Key point: Washington has intervened military many times in its southern neighbors' affairs. To stop that from happening again, U.S. Southern Command doesn't control any aircraft carriers.
A failed coup attempt targeting Venezuelan president Nicolas Maduro on April 30 ended in confusion and failure. Russian and Cuban advisors and a strong core of the Venezuelan military continues to support Maduro amid economic collapse and widespread protests.
(This first appeared in 2019.)
U.S. president Donald Trump in 2018 threatened military action against Maduro but didn’t make good on the threat. Washington instead imposed sanctions in order to pressure Maduro to step down.
But at least one lawmaker wants to escalate Washington’s involvement in the Venezuelan tragedy. “Cuba, Russia send troops to prop Maduro up in Venezuela … while we talk/sanction,” Sen. Lindsey Graham, a South Carolina Republican, on May 3, 2019 tweeted. “Where is our aircraft carrier?”
It’s true that U.S. Southern Command permanently controls none of the U.S. Navy’s 11 aircraft carrier and few other major forces. But there’s a good reason for that. U.S. Central Intelligence Agency in 1973 backed Chilean general Augusto Pinochet in his military coup against the socialist government of Salvador Allende.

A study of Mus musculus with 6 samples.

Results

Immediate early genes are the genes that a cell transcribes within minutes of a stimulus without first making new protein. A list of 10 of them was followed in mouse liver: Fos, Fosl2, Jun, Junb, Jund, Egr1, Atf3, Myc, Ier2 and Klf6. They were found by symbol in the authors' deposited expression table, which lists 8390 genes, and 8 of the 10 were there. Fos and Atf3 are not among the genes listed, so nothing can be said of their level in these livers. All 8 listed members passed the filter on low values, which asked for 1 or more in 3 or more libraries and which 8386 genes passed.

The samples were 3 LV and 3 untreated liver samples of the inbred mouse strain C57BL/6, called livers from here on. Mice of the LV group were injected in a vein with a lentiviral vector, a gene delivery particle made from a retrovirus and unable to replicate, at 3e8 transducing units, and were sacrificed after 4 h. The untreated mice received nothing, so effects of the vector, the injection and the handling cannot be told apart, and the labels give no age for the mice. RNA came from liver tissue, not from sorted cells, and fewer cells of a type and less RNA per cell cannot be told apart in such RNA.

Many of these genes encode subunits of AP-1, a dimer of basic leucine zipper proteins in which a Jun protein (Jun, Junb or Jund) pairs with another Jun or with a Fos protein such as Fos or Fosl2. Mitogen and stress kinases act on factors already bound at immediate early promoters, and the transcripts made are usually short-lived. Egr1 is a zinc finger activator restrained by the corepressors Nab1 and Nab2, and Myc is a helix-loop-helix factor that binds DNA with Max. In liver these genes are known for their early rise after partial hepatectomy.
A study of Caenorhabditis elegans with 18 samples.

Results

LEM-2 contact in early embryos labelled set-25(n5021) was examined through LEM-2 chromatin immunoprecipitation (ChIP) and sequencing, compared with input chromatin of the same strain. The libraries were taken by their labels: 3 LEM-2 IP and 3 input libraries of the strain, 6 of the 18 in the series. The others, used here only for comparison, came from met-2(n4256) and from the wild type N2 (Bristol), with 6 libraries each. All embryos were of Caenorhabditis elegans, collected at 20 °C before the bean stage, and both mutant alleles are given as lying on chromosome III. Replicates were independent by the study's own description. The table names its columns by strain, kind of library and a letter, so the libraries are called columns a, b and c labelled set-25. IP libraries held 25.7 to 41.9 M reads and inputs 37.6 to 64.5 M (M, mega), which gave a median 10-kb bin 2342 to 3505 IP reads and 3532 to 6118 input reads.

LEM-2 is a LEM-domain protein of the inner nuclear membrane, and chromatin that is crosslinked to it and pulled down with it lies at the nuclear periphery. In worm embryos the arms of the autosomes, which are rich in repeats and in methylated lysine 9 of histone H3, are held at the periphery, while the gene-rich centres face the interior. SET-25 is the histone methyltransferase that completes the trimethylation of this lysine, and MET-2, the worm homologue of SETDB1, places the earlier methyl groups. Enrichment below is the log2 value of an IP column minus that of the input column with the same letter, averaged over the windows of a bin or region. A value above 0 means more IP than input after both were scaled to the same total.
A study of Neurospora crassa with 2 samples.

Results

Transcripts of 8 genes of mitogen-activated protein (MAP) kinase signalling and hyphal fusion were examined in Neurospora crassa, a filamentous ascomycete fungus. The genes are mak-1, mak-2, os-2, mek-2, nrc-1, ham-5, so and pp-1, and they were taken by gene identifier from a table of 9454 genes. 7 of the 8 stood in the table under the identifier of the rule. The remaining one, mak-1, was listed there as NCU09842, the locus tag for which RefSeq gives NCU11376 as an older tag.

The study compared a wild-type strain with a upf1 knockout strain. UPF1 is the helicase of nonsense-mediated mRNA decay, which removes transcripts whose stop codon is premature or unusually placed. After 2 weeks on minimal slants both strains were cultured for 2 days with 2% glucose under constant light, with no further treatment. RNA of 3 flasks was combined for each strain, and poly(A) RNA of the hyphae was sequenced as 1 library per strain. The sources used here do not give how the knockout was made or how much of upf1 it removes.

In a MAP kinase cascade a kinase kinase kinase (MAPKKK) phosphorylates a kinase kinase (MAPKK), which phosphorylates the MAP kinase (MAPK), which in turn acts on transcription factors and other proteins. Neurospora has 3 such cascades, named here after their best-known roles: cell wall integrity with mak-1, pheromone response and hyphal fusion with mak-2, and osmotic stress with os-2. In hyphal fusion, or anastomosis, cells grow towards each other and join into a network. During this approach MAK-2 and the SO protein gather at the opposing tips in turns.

Pinochet’s brutal, 17-year rule marked an inflection point in U.S. relations with Latin America. “It was one of the more notorious of many interventions by the United States in Latin America,” The Economist in 2018 explained, “starting with a war against Mexico in 1846, including other coups during the Cold War and culminating in the invasion of Panama in 1989 to topple Manuel Noriega, a former American intelligence asset turned ally of drug traffickers.”
This legacy forged enduring and widespread resentment. It has made non-intervention in the affairs of other states Latin governments’ default diplomatic position, attenuated only timidly by the adoption of the defence of human rights and democracy in the Inter-American Democratic Charter of 2001.